Finding Sex Therapy
People continue to be misinformed and uneducated about sex therapy. A good therapist will tell you what they do, not what they don’t do. Following are some tips and questions you can ask a potential therapist:
Be sure to get a complete medical work-up if you sense your sexual problems might be related to hormones, physical illness, or drug interactions. If you sense your physician is uncomfortable talking about sex or dismisses your problem by telling you you’re OK or crazy, consider finding another doctor with more in-depth knowledge of your problem. Possibilities include a gynecologist with an intimate knowledge of women’s hormones or a urologist who understands erectile dysfunction. Realize that even though many physicians are excellent sources of referrals, some physicians have never taken a course in human sexuality. Others are uncomfortable discussing sex.
Beware of differences between sex therapists. The field of sexology is broad and includes academicians, outreach workers, educators, researchers, and social workers. Don’t assume that just because someone is involved with sexuality or sexology, that person will be able to provide psychotherapy or sex therapy. Also keep in mind that just about anyone can hang out a shingle and call themselves a psychotherapist or sex therapist.
Look for a therapist much the way you would look for a physician. Just as you would pay attention to the medical school your physician attended, pay attention to the academic credentials of the therapist. Make sure the degree is legitimate, not one earned at a so-called diploma mill. Also make sure the therapist has appropriate credentials from a certifying body. Reputable therapists will be willing to talk about their background — from where they received their degrees to where they practiced. If the therapist has a Ph.D., you might want to ask: ” What did you do your dissertation in” or “How did you get a Ph.D. in sex research?”
Talk to several therapists before you select one. Choose the best therapist you can afford, just as you would choose any other professional — from an attorney to a mechanic. And make sure you’re completely comfortable talking with the therapist — even on the phone. If you’re not, keep looking.
Set specific goals and expect specific time frames from your therapist. Know at what point you will evaluate your progress. It may take two or three sessions to get past the awkwardness. If you don’t have a sense of momentum after five or six sessions, don’t feel like you have to continue.
Watch out for red flags. If you sense the therapist is coming on to you or acting inappropriately, leave and terminate the relationship. Don’t let the therapist touch you. If a physical examination is needed, it should be done by a licensed physician or nurse practitioner.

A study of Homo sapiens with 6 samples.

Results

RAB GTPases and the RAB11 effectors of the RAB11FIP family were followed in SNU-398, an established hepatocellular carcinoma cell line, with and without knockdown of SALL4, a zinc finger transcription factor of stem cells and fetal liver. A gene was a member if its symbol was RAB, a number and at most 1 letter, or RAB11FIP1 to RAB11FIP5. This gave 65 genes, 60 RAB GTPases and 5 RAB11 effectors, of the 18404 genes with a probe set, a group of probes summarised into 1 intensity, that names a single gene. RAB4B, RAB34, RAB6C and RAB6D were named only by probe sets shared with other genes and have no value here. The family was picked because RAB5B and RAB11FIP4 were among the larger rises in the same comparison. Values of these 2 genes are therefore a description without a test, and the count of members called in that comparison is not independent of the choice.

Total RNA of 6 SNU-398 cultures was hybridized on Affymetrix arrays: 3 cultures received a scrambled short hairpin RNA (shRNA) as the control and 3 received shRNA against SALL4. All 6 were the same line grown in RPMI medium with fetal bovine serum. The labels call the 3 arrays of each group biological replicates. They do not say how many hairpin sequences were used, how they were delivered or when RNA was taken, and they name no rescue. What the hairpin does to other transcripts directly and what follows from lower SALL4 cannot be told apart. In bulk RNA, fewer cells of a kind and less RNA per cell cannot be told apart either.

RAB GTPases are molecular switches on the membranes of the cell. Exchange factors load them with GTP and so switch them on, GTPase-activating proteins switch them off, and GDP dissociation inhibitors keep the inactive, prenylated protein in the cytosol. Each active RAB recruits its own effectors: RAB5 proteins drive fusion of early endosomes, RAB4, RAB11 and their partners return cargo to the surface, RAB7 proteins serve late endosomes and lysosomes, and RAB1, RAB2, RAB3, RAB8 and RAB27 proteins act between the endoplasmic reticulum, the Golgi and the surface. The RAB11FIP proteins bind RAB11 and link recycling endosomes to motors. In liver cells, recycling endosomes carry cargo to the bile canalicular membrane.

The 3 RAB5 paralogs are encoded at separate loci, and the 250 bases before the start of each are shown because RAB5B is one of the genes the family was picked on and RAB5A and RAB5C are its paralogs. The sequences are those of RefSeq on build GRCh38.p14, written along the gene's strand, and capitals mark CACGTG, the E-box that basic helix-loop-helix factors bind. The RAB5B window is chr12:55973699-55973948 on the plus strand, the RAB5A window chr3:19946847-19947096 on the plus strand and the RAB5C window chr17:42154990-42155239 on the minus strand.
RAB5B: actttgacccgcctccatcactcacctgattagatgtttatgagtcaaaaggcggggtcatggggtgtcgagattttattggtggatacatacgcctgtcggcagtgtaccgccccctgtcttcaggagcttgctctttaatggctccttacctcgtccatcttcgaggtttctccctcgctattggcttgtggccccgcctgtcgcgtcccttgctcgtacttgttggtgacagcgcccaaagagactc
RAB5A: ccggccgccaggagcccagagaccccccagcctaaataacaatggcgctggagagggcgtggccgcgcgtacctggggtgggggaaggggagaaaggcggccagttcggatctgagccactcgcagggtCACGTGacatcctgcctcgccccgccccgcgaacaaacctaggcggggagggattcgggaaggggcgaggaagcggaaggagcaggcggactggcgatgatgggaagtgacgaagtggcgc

Get personal recommendations from friends, physicians, ministers and counselors. Just as with other medical practitioners, the best referrals often come from people who’ve been through treatment.
Don’t discount magazine articles, and radio and television interviews. If you like a therapist’s approach, style and credentials, call the person, advises Zilbergeld, who fields many of these calls after radio appearances. The therapist may be able to arrange for a session or for a referral to someone in your area.
Ask a family physician if they know anyone who provides sex therapy. Many credible sex therapists do continuing education programs for physicians or are somehow affiliated with a medical school or serve on the adjunct facility of a state university. Others will be part of programs sponsored by university — facilitated medical centers such as Loyola University Medical Center.
Get references. Credible therapists will give you a list of references and patients to whom you can speak.
Be careful about finding sexual preparations and devices and even professionals on the Internet. Remember, almost anyone can produce a home page or open up a store front.
Ask a sex therapist about their approach to therapy. A reputable sex therapist will discuss sex therapy in terms of talk therapy. If the therapist begins to talk in terms of show and tell or taking off clothes to rid yourself of your inhibitions, you know you’ve got a problem. The bottom line: Professional sex therapy — clinical sexology — typically doesn’t deal with direct body approaches.
Make sure you’re comfortable with therapist’s approach, personality and style. A credible therapist will understand the importance of interpersonal chemistry between client and therapist, why some therapists are more appropriate for certain clients than others, and why some therapists can only take clients so far in personal development. Credible therapists won’t be threatened by the absence of chemistry and will willingly refer you to another competent, ethical therapist. Finally, credible therapists are honest, periodically admitting to clients: “I’m not the person you need to see. I don’t know if I can help you.”
Make sure the therapist answers all of your questions. Credible therapists will usually be willing to talk to you before you schedule your first appointment. While most therapists will feel fairly comfortable telling you some details about their personal lives such as whether they’re married or have children, they’ll almost always avoid discussions of their own sexual practices.